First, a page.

The Nigerian Conservation Foundation (NCF) says illegal wildlife trade across the world is estimated to worth about 19 billion U.S. dollars.
The Director-General of NCF, Mr Adeniyi Karunwi, said this in Abuja.
He said that there was a booming illegal wildlife trade across the globe which was run by highly organised networks, adding that the development had threatened the current and future state of the world’s natural resources.
He underscored the need to raise the people’s awareness on the vital role which the foundation and rangers at national parks worldwide played in protecting the world’s natural and cultural treasures.
“NCF has been part of the global voice to mobilise support for environmental protection to enhance better protection of wildlife, forests and the natural world. Rangers are the first line of defence in the battle against illegal wildlife trade and they stand between the poachers and the forests every day. Without rangers, most of the last remaining iconic species such as elephants, lions and rhinoceros, among others, would have since vanished from the wild,’’ he said.
Karunwi said that rangers were always outdoors every day conducting patrol operations to combat poaching and monitor wildlife, adding that they were exposed to harsh and dangerous conditions, often with inadequate equipment.
“A lot of rangers spend weeks, sometimes months, away from their loved ones, and some don’t have access to electricity or clean drinking water when they are on patrol. Therefore, there is the need to systematically reflect on the working conditions of the rangers to better understand how the rangers feel about their work, in terms of their concerns, challenges, rewards and motivation. We should celebrate the courage, bravery, gallantry and commitment of rangers as people in the frontline of conservation efforts and, perhaps, the most important protectors of the world’s natural and cultural treasures,’’ he said.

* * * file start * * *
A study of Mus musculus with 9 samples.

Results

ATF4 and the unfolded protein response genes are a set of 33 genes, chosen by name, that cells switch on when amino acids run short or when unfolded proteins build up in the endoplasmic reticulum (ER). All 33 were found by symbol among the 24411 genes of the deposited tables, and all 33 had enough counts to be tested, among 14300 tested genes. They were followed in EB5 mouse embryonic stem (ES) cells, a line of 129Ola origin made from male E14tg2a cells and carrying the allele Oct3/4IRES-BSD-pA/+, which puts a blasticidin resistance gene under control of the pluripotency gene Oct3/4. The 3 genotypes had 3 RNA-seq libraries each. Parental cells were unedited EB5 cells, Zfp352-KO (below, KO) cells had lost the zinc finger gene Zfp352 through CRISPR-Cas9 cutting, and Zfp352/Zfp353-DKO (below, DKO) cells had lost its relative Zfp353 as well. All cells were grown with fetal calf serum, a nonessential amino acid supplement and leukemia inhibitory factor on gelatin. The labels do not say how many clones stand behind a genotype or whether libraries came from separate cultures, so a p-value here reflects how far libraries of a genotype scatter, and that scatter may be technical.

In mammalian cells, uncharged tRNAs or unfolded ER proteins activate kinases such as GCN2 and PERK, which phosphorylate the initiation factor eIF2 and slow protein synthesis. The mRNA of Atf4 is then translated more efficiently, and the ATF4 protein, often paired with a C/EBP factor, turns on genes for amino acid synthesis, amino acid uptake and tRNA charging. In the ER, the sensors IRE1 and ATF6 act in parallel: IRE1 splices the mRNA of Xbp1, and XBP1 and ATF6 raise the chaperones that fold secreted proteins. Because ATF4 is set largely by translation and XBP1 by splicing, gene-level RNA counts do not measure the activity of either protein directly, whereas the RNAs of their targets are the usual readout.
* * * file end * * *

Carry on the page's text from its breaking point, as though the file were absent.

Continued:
Karunwi, however, called on all stakeholders to concertedly make efforts to safeguard the natural world, while boosting the public awareness of the protected areas and other salient conservation issues.
“Any strategy to stop wildlife crime should start with bolstering grassroots conservation, with the rangers in the frontline. It should also encompass influencing governments for policy changes to help protect endangered species and people threatened by wildlife crime. The task of protecting our wildlife, wild places, forests and other cultural treasures that we explore is enormous and calls for the active involvement of all of us,’’ he said.